An attorney for convicted killer Jason Hachmeister sought Monday to persuade a majority of the Kansas Supreme Court that prosecutor error prevented a fair trial in Shawnee County for a son accused of stabbing, beating and strangling his mother.

Justices of the state's highest court returned for the second time to pleadings by Hachmeister, who was convicted of using twine in the slaying of Sheila Hachmeister on Sept. 10, 2011, in a Topeka home they shared. In 2017, the Supreme Court affirmed his convictions on more than 100 counts of sexual exploitation of a child based on evidence found on his computer during the homicide investigation.

Joseph Desch, representing Hachmeister on the first-degree murder appeal, argued his client was denied a fair trial due to "lots of misstatements of the evidence" by Todd Hiatt, who was the Shawnee County assistant district attorney who prosecuted the case.

Hiatt's remarks about onset of rigor mortis in relation to the time of death went beyond the medical examiner's testimony and served to unfairly erode Hachmeister's alibi, Desch said.

"I would say Mr. Hiatt absolutely took the role of an expert and testified," Desch said. "How far can a prosecutor go?"

Justice Caleb Stegall and retired Court of Appeals Judge Patrick McAnany, who temporarily filled the Supreme Court's seventh seat, pushed back against Desch's assertion Hiatt did anything improper by pointing to a morning time of death.

"There's lots of other evidence that supports the morning time frame for the killing," McAnany said.

Hachmeister, 44, told authorities that he didn't commit the crime and that he discovered his mom's body after returning from errands. He'd entered a plea of not guilty before the murder trial.

Jodi Litfin, an assistant solicitor general in the office of the Kansas attorney general, said none of the Shawnee County prosecutor's statements at trial fell into the realm of cumulative error inhibiting a fair trial. She said Hiatt's comments on a likely time of death were based on "reasonable inferences" drawn from evidence about stiffening of the victim's joints and muscles after death.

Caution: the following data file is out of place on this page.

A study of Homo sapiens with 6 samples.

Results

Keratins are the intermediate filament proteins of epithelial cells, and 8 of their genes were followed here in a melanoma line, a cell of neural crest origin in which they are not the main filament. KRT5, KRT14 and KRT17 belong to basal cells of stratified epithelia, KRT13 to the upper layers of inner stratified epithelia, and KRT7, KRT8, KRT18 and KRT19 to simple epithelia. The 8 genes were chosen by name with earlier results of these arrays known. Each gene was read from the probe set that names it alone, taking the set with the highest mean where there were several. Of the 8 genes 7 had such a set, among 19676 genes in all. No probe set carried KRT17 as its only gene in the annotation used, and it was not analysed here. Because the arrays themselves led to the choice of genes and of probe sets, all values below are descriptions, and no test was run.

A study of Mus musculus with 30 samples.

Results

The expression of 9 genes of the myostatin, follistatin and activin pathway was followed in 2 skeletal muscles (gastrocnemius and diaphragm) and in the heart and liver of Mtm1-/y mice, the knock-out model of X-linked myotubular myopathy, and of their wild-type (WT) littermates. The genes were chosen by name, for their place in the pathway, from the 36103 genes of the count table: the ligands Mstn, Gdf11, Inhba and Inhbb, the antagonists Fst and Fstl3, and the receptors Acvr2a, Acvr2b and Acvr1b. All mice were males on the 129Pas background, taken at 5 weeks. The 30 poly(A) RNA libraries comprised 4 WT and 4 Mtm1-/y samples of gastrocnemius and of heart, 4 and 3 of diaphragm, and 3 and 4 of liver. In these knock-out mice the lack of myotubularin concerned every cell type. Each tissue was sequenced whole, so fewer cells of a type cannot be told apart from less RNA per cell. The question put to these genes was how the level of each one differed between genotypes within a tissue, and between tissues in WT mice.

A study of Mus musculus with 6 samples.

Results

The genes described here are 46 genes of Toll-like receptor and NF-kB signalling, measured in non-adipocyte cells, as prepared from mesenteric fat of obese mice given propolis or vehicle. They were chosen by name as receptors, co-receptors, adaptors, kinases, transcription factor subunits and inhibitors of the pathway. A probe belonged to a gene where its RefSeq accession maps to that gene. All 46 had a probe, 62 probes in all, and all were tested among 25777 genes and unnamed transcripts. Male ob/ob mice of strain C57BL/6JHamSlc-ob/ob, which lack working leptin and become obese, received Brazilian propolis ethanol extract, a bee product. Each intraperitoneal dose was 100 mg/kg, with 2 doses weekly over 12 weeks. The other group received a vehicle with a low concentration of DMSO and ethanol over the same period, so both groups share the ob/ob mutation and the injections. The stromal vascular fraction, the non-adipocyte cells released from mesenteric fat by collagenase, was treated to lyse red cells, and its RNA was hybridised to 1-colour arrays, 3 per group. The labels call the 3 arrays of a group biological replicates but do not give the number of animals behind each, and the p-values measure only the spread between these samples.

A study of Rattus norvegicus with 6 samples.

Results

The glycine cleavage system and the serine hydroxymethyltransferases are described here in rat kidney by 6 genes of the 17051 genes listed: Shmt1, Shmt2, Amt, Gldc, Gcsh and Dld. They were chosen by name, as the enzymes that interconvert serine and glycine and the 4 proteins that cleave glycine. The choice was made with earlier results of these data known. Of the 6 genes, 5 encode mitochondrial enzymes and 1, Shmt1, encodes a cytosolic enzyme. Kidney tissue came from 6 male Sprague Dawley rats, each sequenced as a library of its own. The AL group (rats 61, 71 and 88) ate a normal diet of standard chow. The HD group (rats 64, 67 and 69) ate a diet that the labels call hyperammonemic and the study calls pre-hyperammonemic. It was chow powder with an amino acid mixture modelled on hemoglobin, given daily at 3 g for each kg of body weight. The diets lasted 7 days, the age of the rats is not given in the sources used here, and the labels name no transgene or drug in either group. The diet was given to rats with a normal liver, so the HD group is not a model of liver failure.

In addition, Litfin said, the investigation showed no sign of forced entry and that the family dog was let out of the house twice on the day of the slaying. Selected items of interest to Hachmeister were stolen from the home, Litfin said, but the residence wasn't ransacked in search of valuables.

Litfin said the defendant's DNA was found on rope used to strangle Sheila Hachmeister, but the defendant told law enforcement officers he never touched the rope. She said blood was found underneath the defendant's computer desk in the basement and on the interior floor of the house — not outside the residence.

Litfin, who's presentation to the Supreme Court was interrupted by a false fire alarm, said the unemployed Hachmeister had financial motive to commit murder because his mother was contemplating kicking him out of the house.

During the investigation, 17 anonymous letters were mailed to authorities that raised suspicion about Hachmeister as the perpetrator. Trial testimony indicated Hachmeister bragged of the killing to a strip-club manager and to an exotic dancer, Litfin said.

In rebuttal argument before the Supreme Court, Desch said Hachmeister may have boastfully confessed to the crime in a foolish bid to be the focus of attention. It is among several "very unusual" things Hachmeister did that didn't help his cause at trial, Desch said.

"Unfortunately, my client's outrageous behavior ... made this a sensational and theatrical trial," Desch said. "He made some statements to some exotic dancers. He allegedly wrote the letters which implicated him as well. We can all agree that Mr. Hachmeister was an unusual person, and possibly childlike."

In 2017, the Supreme Court threw out a 2013 kidnapping conviction of Osi Bisa McBride because Hiatt violated McBride's rights to a fair trial by making improper remarks to the jury during closing argument.